Stormwater Phase II
Help Us Protect Our Rivers & Streams
Many of the storm sewers in Tipp City drain directly into our creeks and the Great Miami River. Storms sewers in Tipp City do not go to or drain to the City’s wastewater treatment facility. Therefore, it is important to prevent the introduction of materials into these drains which could cause problems in the receiving streams or waterways. Examples of prohibited discharges to storm drains and streams:
- Waste oils and grease
- Paints and solvents, including but not limited to products like thinners
- Solids of any kind, including grass clippings and yard debris.
- Excavation areas with no erosion control measures placed
- Storm Water Program Facts
- Small Municipalities
- Six Minimum Control Measures
- Small Construction Sites
- Municipally-Owned Facilities
On December 8, 1999, USEPA promulgated the expansion of the existing National Pollutant Discharge Elimination System (NPDES) Storm Water Program by designating additional sources of storm water for regulation to protect water quality. This fact sheet will cover who will be affected by these regulations. All affected entities, unless otherwise specified, are required to obtain permit coverage by March 10, 2003. The regulation affects four categories of storm water dischargers, including two classes of facilities for automatic coverage on a nationwide basis: small municipalities and small construction sites.
The City of Tipp City public works and engineering staff continue to attend meetings and education conferences sponsored by The Miami Conservancy district and the Ohio EPA to help provide proper assistance to our community in understanding the regulatory climate in Ohio and in developing a suitable stormwater program.
About 280 municipalities located in urbanized areas and that operate municipal separate storm sewer systems (MS4s) will be included in the program in the State of Ohio. Pollutants from MS4s include floatables, oil and grease, as well as other pollutants from illicit discharges. The definition of MS4 does not include combined sewer systems. A combined sewer system is a wastewater collection system that conveys sanitary wastewater and storm water through a single set of pipes to a publicly-owned treatment works (POTW) for treatment before discharging to a receiving water-body. During wet weather events, the capacity of the combined sewer system can be exceeded, resulting in an overflow, or CSO.
Combined sewer systems are not subject to these regulations. These systems are addressed in the Ohio EPA CSO Control Policy (March 1995). If a municipality is served by both separate and combined sewer systems, only the separate portion of the system is regulated by this rule. The regulations will also affect discharges from MS4s owned by the state or political subdivisions of the state or the United States. This includes runoff from highways, hospitals, prisons, military bases or universities which are located within the urban areas affected by this regulation.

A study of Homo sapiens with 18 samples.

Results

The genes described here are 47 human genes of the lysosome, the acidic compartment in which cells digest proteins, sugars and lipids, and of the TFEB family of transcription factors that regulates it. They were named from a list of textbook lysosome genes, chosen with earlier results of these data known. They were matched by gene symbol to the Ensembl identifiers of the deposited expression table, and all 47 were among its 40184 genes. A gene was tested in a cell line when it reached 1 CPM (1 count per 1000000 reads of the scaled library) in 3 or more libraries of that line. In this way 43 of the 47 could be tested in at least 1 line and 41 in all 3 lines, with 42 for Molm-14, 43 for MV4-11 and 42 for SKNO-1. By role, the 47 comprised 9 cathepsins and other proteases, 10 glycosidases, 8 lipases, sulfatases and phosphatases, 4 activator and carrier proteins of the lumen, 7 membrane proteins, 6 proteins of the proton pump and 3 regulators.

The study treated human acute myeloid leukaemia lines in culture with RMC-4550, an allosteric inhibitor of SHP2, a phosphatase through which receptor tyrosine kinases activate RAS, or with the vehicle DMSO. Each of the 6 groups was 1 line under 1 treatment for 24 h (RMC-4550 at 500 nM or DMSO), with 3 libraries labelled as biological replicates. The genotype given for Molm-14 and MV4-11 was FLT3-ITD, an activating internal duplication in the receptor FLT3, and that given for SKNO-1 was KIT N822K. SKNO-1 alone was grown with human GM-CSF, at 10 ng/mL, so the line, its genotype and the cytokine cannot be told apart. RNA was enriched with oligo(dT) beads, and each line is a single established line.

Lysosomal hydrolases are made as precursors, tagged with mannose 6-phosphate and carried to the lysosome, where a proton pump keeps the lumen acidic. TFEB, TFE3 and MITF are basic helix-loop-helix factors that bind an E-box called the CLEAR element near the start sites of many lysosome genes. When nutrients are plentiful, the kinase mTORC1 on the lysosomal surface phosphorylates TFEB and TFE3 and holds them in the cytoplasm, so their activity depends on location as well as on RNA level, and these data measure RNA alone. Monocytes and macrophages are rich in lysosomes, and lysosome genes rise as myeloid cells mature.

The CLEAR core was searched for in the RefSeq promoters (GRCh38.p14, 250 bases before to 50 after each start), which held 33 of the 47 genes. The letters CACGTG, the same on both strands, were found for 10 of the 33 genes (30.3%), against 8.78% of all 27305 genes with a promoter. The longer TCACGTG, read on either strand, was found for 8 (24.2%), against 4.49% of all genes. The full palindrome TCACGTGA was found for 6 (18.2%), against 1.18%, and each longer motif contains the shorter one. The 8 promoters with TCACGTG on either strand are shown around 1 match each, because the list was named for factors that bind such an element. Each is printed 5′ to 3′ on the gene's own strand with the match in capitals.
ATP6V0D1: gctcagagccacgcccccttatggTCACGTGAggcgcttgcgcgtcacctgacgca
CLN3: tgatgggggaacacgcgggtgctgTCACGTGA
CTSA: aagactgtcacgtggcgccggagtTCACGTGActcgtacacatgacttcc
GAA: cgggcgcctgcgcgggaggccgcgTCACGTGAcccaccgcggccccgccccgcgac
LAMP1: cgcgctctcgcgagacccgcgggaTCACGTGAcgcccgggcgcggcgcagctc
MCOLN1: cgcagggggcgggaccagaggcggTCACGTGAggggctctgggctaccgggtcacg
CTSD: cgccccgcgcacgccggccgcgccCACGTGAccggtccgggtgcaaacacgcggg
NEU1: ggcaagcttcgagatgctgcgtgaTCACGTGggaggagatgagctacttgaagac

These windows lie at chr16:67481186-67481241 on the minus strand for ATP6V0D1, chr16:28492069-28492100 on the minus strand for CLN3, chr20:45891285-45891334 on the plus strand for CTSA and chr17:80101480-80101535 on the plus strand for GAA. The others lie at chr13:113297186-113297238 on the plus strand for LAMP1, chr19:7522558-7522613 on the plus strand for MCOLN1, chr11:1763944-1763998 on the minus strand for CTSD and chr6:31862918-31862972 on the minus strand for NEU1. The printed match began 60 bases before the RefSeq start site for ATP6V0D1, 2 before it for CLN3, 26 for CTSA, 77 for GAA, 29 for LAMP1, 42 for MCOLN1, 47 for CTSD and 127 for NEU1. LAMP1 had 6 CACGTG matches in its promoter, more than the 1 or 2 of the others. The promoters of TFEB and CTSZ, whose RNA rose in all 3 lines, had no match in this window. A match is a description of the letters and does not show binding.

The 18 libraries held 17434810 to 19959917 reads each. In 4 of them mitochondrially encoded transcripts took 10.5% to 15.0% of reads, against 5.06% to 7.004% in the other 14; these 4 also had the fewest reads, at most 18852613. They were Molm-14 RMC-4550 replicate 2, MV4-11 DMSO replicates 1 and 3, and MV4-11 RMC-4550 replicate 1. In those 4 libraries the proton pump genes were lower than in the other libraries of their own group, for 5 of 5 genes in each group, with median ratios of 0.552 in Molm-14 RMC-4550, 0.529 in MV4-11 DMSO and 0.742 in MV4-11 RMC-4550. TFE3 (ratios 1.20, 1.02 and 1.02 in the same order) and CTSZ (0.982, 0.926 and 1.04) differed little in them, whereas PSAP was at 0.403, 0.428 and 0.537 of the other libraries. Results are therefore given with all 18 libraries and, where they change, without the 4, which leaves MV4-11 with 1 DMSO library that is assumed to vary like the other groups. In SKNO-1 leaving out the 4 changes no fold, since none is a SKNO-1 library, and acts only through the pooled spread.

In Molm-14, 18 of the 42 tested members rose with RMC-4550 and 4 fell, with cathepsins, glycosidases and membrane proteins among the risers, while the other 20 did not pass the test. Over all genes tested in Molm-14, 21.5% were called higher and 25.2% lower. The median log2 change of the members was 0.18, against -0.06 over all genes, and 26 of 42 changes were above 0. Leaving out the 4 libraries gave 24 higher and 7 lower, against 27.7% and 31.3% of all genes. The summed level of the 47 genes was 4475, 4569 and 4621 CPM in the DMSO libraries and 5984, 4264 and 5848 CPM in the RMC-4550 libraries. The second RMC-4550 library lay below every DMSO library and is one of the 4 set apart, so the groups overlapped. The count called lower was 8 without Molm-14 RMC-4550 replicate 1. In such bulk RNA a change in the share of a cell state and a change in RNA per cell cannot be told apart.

Operators of small MS4s will be required to develop a storm water management program that implements six minimum measures, which focus on a Best Management Practice (BMP) approach. The BMPs chosen by the MS4 must significantly reduce pollutants in urban storm water compared to existing levels in a cost-effective manner.
- Public Education and Outreach Program on the impacts of storm water on surface water and possible steps to reduce storm water pollution. The program must be targeted at both the general community and commercial, industrial and institutional dischargers.
- Public Involvement and Participation in developing and implementing the Storm Water Management Plan.
- Elimination of Illicit Discharges to the MS4.
- Construction Site Storm Water Runoff Ordinance that requires the use of appropriate BMPs, pre-construction review of Storm Water Pollution Prevention Plans (SWP3s), site inspections during construction for compliance with the SWP3, and penalties for non-compliance.
- Post-Construction Storm Water Management Ordinance that requires the implementation of structural and non-structural BMPs within new development and redevelopment areas, including assurances of the long-term operation of these BMPs.
- Pollution Prevention and Good Housekeeping for municipal operations such as efforts to reduce storm water pollution from the maintenance of open space, parks and vehicle fleets.
To satisfy the required six minimum control measures, the City of Tipp City has and will be doing several activities over the course of the next few years:
- Expanding existing services such as street sweeping, catch basin inspections and cleaning
- Partnering with the Miami Conservancy District to do public education through printings, public television ads.
- Mapping the stormwater system.
- Locating properties discharging home septic systems.
- Performing routine inspections on all construction sites.
USEPA clearly endorses a watershed approach to storm water management as well as preventative measures such as policies and ordinances that:
- Protect sensitive areas such as wetlands and riparian areas,
- Minimize imperviousness,
- Maintain open space, and/or
- Minimize the disturbance of soils and vegetation.
The existing Storm Water NPDES Program already regulates storm water runoff discharges on construction sites that disturb 5 or more acres of property. Phase II will require permit coverage for additional construction activities in Ohio that disturb between one acre and 5 acres. Pollutants of concern include sediments and erosion from these sites.
Municipally-owned industrial facilities which have been excluded from Phase I must apply for permit coverage by March 10, 2003. These facilities include, but are not limited to, wastewater treatment plants that discharge at least 1 million gallons of water per day and construction sites larger than 1 acre.